Disrupt or be disrupted. Attempts to create new, viable business models for the digital age will flounder unless people and organisations are willing

Retail Financial Services

John Hall

Bank and Brand Distribution of Retail Financial ServicesRetail Financial Services

In financial services we are at the precipice of possibly the biggest revolution with the potential that open banking brings. No longer do the incumbents hold all the cards - figuratively and literally - you either embrace the change or deal with the consequences.


In financial services we are at the precipice of possibly the biggest revolution with the potential that open banking brings.  No longer do the incumbents hold all the cards -figuratively and literally - you either embrace the change or deal with the consequences.

  • More bank branches are closing than ever before (circa 60 every month). A ‘Which’ report found 2868 branches closed between 2015 and 2018 with the number accelerating.
  • Technology is faster, cheaper and exponentially so year on year.
  • Speed is of the essence with consumer expectations constantly rising – as a result of other industries offering on-demand services (Spotify, Amazon, Netflix)
  • Other industries have been disrupted and on occasion killed the traditional players (think OF Netflix v Blockbuster, or Kodak’s downfall, and most lately in retail with House of Fraser, and DFS announcing profit warnings this morning).

 Now is the time for financial services to disrupt or be disrupted.


Key Themes

Collaboration between incumbent banks and fintechs is increasing rapidly. A report by EY earlier this year, Unleashing the Potential of Fintech in Banking, highlighted that collaborating, instead of competing, with start-ups can provide fresh tech solutions for banks. Shared services and knowledge will improve product offerings through data analytics tools like predictive analytics, offering deeper engagements with customers.

Both parties have something the other parties crave:

In essence:

  1. Banks – customers, budgets, ‘trust’
  2. FinTechs – tech, innovation, speed

 At Bud (a 3-year-old tech platform which provides an intelligent financial marketplace, distributed in traditional banking apps,) they have partnered with the likes of HSBC.

Using the bank distribution network (their app) and customer base, the platform allows users to connect all their bank accounts and credit cards (HSBC and others). Bud provides user analytics from the aggregated spend and uses that insight to connects users with relevant products and services through the Bud marketplace. All within the bank branded app.  This creates a new revenue stream for the bank (through commission on 3rd party sales,) and a deeper understanding of their customers, allowing them to serve them better in the long run.

This win-win model helps to grow the network.

  • Bank – time and attention of customers (existing and new), create more loyalty, new revenue
  • Fintechs – distribution and credibility via bank app, acquisition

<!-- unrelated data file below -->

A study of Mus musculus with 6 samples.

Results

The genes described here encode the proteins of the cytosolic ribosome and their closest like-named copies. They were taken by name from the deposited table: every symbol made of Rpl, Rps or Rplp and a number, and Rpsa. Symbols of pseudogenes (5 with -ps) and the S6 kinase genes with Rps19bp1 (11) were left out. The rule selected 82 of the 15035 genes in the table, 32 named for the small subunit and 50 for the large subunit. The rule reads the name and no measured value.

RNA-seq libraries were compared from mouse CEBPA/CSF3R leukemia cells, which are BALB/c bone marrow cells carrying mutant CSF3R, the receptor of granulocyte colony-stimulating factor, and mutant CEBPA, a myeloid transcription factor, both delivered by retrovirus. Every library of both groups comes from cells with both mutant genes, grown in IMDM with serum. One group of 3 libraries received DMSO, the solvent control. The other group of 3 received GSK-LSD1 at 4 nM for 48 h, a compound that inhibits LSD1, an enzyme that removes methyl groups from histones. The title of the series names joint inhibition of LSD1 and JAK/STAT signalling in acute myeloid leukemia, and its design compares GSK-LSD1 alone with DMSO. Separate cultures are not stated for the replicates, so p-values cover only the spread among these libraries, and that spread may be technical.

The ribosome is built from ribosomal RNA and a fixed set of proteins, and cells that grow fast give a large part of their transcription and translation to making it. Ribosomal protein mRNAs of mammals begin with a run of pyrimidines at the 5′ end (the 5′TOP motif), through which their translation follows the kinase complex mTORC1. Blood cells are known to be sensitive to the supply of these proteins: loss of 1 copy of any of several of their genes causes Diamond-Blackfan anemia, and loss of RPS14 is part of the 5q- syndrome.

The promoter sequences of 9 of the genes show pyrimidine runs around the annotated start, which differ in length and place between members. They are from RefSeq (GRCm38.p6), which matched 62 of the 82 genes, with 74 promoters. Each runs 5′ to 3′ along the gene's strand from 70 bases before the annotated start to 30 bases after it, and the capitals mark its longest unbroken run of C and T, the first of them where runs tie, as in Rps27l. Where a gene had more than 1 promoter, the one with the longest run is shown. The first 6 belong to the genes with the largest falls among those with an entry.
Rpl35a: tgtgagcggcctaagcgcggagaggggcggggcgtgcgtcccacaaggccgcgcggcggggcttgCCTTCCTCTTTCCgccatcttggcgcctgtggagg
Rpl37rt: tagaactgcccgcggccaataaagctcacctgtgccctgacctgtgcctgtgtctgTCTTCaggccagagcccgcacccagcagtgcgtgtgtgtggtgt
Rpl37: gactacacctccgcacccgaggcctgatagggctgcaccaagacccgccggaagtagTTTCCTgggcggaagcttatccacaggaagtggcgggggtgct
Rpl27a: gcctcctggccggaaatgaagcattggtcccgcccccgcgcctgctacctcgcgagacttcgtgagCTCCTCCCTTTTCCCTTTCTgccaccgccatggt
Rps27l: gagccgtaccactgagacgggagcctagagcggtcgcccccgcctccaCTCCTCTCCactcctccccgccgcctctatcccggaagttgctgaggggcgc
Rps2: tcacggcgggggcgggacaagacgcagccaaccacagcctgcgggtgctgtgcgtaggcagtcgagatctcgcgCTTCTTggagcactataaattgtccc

• User – right product at the right time – no longer go and compare, the solution comes to you

 Bud is constantly asked why the bank would not do this themselves; there are many answers, amongst them:

  • Legacy tech
  • Bureaucratic approval processes through corporate governance
  • Other priorities
  • Not their key business…etc

 All are correct, so the answer to collaborate with a specialist in the area. “Focus on your USPs and API everything else”

 The Solution

Bringing the right parties to the table to solve a common goal should ensure the right level of buy-in from all people especially with a win-win model.

Various options can apply here:

  • Build – best when the future model isn’t that much different to the current model and where current experience will apply. (Banks are building innovative solutions to compete with the likes of Monzo & Starling; ING – Yolt, RBS – Bo, Goldman Sachs – Marcus etc.)
  • Buy – when the ability to shift is not enough and where outside talent may significantly improve speed to market. (Experian bought ClearScore for £275m after 3 years.)
  • Partner – when the cost of building or buying may be prohibitive and the benefits of learning alternative options is great. (HSBC & Bud.)
  • Invest – where there is a desire to leave an outside partner’s model intact, usually to avoid hindering entrepreneurial dynamics. (Santander & Curve (one card for all your wallet). BBVA – Atom Bank.)
  • Incubate – when the synergies of outside organisations or people are better achieved in an accelerator environment. (All consultancies offer these – Bud in Accenture accelerator.)

 Depending on the circumstances a company can go through all these options or none of them.



Collaboration is key. Allow both businesses to focus on what they do best and utilise the other for what they are best at. Meeting in the middle is where the difficulty lies, ensuring the working practices of both teams’ work, the cultures don’t clash and the benefit for the customer is kept front and centre.